Listen

News 88.9 KNPR
Classical 89.7 KCNV

member station

NPR
The Two-Way

Voices Far And Wide Try To Sway Virginia Governor To Call Off Execution

535768314_1592143199.jpg

This undated photo provided by the Virginia Department of Corrections shows William Morva at the Greenville Correctional Center in Jarratt, Va. Morva is scheduled to die by lethal injection Thursday, July 6, for the 2006 killings of a hospital security g
AP
This undated photo provided by the Virginia Department of Corrections shows William Morva at the Greenville Correctional Center in Jarratt, Va. Morva is scheduled to die by lethal injection Thursday, July 6, for the 2006 killings of a hospital security guard and a sheriff's deputy.

William Morva is scheduled to die by lethal injection at 9 p.m. EDT Thursday in Jarratt, Va., as a chorus of voices at home and abroad is calling for the execution to be halted amid questions regarding his mental stability.

Morva, 35, was convicted of killing two men in 2006 and sentenced to die two years later. His attorneys are asking Virginia Gov. Terry McAuliffe to commute the sentence to life in prison.

Morva was in jail in August 2006, awaiting trial on attempted robbery charges, when he was taken to the hospital for treatment of a minor injury. He escaped, stealing a sheriff deputy's gun. Then he shot Derrick McFarland, a hospital security guard, and, a day later, Eric Sutphin, a sheriff's deputy, killing both men.

Morva's attorneys do not dispute that Morva pulled the trigger, but say he was suffering from delusions at the time.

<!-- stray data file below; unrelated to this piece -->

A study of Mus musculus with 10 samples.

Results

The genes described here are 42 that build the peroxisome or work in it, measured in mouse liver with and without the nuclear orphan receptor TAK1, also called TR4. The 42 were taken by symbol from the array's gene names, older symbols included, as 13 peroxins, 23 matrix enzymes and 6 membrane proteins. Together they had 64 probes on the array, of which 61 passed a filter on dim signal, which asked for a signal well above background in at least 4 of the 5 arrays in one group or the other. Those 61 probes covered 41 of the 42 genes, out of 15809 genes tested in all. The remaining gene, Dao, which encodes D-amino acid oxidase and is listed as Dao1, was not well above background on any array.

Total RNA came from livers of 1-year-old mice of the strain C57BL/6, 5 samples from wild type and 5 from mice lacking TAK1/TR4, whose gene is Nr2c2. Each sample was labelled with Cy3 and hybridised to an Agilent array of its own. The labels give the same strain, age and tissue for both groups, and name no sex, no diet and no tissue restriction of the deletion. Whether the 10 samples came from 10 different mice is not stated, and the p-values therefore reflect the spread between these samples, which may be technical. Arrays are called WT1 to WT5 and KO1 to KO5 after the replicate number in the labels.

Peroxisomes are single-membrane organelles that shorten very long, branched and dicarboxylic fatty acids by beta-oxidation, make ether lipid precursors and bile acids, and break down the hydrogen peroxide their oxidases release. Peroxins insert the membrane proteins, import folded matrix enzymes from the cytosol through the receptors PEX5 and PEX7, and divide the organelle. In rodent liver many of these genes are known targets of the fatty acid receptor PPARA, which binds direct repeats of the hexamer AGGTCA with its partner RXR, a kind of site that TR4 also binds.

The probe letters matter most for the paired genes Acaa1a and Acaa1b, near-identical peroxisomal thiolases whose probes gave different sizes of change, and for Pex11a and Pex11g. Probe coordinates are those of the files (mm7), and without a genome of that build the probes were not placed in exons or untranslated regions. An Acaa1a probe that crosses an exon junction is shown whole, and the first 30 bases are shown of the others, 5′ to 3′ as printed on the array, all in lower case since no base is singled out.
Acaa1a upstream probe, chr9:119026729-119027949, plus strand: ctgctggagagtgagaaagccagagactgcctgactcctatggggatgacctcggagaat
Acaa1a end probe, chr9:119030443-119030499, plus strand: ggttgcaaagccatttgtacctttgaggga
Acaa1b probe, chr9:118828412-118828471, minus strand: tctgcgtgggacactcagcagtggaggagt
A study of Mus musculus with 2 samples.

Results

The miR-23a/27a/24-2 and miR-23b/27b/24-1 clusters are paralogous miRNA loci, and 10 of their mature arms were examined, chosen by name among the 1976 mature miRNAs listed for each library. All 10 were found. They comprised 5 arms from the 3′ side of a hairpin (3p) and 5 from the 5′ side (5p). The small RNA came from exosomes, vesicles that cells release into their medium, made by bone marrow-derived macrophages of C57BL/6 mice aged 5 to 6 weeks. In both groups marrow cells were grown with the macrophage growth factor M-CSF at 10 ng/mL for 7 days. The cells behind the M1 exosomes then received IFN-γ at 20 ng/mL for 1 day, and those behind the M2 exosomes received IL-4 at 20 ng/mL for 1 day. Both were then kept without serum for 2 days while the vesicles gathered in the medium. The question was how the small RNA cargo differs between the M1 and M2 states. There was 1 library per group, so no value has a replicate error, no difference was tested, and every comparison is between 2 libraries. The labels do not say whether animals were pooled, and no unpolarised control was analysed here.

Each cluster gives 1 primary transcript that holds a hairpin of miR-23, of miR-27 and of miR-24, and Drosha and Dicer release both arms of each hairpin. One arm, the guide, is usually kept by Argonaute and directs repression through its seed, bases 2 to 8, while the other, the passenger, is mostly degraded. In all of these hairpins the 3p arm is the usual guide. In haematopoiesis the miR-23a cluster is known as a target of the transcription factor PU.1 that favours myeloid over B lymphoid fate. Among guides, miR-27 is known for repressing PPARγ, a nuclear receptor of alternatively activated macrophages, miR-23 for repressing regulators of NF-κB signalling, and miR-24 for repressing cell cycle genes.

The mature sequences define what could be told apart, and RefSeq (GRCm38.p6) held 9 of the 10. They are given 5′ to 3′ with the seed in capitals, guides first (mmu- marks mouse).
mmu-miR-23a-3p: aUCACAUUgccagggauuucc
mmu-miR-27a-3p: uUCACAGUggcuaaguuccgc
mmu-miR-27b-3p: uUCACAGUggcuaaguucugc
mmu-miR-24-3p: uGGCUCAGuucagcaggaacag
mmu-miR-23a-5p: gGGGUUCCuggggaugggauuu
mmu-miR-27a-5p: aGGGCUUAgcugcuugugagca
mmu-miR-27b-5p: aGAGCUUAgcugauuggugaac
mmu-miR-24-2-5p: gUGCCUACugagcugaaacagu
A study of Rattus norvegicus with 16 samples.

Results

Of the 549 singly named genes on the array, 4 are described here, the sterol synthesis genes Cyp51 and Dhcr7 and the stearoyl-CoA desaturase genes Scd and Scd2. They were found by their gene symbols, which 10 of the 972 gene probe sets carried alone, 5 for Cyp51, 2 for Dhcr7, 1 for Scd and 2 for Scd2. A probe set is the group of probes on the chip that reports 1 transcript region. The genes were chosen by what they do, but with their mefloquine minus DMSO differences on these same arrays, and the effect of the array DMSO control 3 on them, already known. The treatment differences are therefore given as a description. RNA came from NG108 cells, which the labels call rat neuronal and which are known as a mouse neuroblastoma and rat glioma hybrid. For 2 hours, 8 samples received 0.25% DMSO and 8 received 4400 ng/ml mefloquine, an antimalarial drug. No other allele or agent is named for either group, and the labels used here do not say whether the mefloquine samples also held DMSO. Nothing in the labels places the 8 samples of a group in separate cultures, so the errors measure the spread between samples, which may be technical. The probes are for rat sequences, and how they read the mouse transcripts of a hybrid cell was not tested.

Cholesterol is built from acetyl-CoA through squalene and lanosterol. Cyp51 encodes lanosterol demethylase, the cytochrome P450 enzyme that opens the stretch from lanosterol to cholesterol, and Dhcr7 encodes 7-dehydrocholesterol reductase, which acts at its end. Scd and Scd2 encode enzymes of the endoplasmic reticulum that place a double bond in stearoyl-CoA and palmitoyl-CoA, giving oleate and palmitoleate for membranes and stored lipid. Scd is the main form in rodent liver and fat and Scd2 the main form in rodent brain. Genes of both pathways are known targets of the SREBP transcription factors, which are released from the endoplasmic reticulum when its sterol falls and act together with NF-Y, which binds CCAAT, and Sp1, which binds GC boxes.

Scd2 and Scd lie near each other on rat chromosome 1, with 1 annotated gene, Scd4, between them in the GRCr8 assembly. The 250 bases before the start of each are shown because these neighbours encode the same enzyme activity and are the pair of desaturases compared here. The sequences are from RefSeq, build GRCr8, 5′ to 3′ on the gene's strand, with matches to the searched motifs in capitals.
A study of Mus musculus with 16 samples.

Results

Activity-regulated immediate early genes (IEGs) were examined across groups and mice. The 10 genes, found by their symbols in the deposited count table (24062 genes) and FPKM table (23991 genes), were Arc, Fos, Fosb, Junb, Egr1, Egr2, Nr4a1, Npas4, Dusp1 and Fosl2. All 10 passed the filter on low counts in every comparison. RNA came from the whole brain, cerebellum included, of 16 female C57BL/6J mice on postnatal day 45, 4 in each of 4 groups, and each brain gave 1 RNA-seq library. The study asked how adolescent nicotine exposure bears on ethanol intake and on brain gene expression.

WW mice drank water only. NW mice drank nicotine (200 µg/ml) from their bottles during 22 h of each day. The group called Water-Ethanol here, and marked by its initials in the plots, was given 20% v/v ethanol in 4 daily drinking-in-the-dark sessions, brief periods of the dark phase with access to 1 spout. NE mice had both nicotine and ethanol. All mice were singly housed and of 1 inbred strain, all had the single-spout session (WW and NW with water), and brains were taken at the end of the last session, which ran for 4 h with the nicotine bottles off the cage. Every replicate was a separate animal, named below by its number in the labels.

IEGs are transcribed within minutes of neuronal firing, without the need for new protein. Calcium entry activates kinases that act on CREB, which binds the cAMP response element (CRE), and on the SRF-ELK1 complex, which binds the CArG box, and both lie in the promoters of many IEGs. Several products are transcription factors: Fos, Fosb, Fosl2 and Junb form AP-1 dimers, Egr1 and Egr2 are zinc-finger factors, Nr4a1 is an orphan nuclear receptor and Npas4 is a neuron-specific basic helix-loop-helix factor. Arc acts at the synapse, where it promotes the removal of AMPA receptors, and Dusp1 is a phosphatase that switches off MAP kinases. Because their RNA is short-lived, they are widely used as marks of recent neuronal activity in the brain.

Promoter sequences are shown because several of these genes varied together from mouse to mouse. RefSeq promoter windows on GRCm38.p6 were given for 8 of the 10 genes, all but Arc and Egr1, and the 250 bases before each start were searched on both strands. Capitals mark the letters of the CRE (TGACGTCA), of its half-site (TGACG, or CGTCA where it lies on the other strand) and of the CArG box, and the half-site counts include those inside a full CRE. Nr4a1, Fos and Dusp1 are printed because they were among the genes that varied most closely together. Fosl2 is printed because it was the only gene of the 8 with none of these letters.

"In William's mind he was dying in that jail, and he only took the steps that he believed were necessary in order to save his own life," Morva's lawyer Dawn Davison told Sandy Hausman from member station WVTF.

At the time, Morva was convinced he had a serious intestinal disorder, according to Davison.

"When he was free, he would eat raw meat or nearly raw meat in large quantities, large quantities of cheese, at times trying a diet that consisted of nuts and berries and pine cones," Davison told Hausman.

Support comes from

Morva's attorneys say that the jurors who sentenced Morva to die in 2008 did not know the seriousness of his mental illness.

As The Associated Press reports:

"Jurors were told Morva suffered from a personality disorder that resulted in 'odd beliefs.' He has since been diagnosed with delusional disorder, a more severe mental illness akin to schizophrenia, his attorneys say."

On Wednesday, two United Nations human rights experts issued a statement describing Morva as "a man with psychosocial disability," saying, "We urge the authorities to annul the death sentence against Mr. Morva and to re-try him in compliance with international standards related to due process and fair trial."

Last month the European Union sent a letter to McAuliffe, a Democrat, asking for clemency. Other European governments, as well as Virginia state legislators have asked for commutation. Morva holds dual Hungarian-American citizenship.

Victim Eric Sutphin's daughter, Rachel Sutphin, is also asking for Morva's life to be spared.

"I am against the death penalty for religious and moral reasons," Sutphin told the AP. "I have fought and will continue to fight for clemency for all death row inmates until Virginia declares the death penalty unconstitutional."

But the slain deputy's mother, Jeaneen Sutphin, told The Richmond Times-Dispatch that she hopes the execution goes ahead. "I have no hatred for this creature who shot him execution-style. I just want justice for my son," Sutphin said.

In April, McAuliffe commuted the execution of Ivan Teleguz to life in prison. But he has overseen two other executions as governor, reports member station WAMU.

A McAuliffe spokesman has said he will review Morva's clemency request.

Copyright 2017 NPR. To see more, visit http://www.npr.org/.

You won’t find a paywall here. Come as often as you like — we’re not counting. You’ve found a like-minded tribe that cherishes what a free press stands for.  If you can spend another couple of minutes making a pledge of as little as $5, you’ll feel like a superhero defending democracy for less than the cost of a month of Netflix.